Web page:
The Negative Impacts of Globalization on the Environment

by Anna Roberts; Updated September 26, 2017

The Composition Effect

Liberalization of trade, or the reduction of restrictions, tariffs and other barriers to free trade, has an effect on countries' industry composition, which can have a positive or negative environmental impact. If liberalization has the effect of increasing a nation's industrial or manufacturing segment, the result can be more pollution and more strain on the country's natural resources. On the other hand, if trade liberalization results in a shrinking heavy industry concentration and increasing growth in the services sector, the opposite may be true for that country.

Cheaper Consumer Goods

While greater competition resulting in lower prices, more choice and better service for consumers is often touted as a positive effect of globalization, it has a downside. With more households gaining access to affordable consumer goods, more manufacturing and more intense use of natural resources put strain on the environment in the form of pollution and depletion of resources. Production, transportation and use of consumer goods results in more waste, pollution and fuel use.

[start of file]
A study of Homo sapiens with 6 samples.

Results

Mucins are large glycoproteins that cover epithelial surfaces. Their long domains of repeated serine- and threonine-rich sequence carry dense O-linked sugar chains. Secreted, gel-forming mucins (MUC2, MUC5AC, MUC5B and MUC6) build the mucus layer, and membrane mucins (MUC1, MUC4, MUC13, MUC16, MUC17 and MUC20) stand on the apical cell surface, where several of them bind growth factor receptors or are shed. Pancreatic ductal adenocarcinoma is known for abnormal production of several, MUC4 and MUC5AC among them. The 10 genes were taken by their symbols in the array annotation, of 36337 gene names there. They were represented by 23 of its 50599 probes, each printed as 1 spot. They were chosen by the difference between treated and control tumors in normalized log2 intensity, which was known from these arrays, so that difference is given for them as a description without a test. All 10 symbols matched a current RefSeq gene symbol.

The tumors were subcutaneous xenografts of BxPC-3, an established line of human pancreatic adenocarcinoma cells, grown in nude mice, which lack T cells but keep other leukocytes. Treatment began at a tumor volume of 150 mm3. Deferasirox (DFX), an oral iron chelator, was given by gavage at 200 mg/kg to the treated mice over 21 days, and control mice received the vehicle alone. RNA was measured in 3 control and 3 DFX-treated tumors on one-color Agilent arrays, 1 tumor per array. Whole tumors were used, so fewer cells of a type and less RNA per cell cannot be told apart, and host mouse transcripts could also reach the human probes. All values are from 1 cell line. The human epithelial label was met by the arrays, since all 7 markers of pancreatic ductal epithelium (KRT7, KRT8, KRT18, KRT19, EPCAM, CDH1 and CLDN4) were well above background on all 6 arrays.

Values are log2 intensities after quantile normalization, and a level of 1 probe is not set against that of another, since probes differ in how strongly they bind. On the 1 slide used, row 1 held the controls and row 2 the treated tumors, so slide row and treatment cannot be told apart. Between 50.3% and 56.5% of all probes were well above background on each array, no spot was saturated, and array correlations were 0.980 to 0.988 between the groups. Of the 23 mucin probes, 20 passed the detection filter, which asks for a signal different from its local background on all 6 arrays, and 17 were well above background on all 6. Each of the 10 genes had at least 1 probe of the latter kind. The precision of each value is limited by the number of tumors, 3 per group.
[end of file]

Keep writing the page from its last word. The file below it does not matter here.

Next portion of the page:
Lower Environmental Standards

As countries compete for global trade opportunities, they experience increased pressure to offer lower prices. In areas of the world without sufficient regulatory oversight, dirty industries and practices can thrive by exploiting resources for profit, resulting in a pocket of intense environmental damage. This also gives countries with stricter environmental regulations a comparative disadvantage against countries without stringent oversight, possibly leading countries to relax their own environmental rules to lower the compliance costs on their industries.

Overexploitation of Resources

Competition to meet global demand can result in overexploitation of natural resources. With greater opportunities to export products, many countries have pushed their resources to the limit to maximize production. Without sustainable practices for harvesting, resources can be exploited to the point of no return. Deforestation and overfishing are examples of problems exacerbated by the liberalization of trade around the world.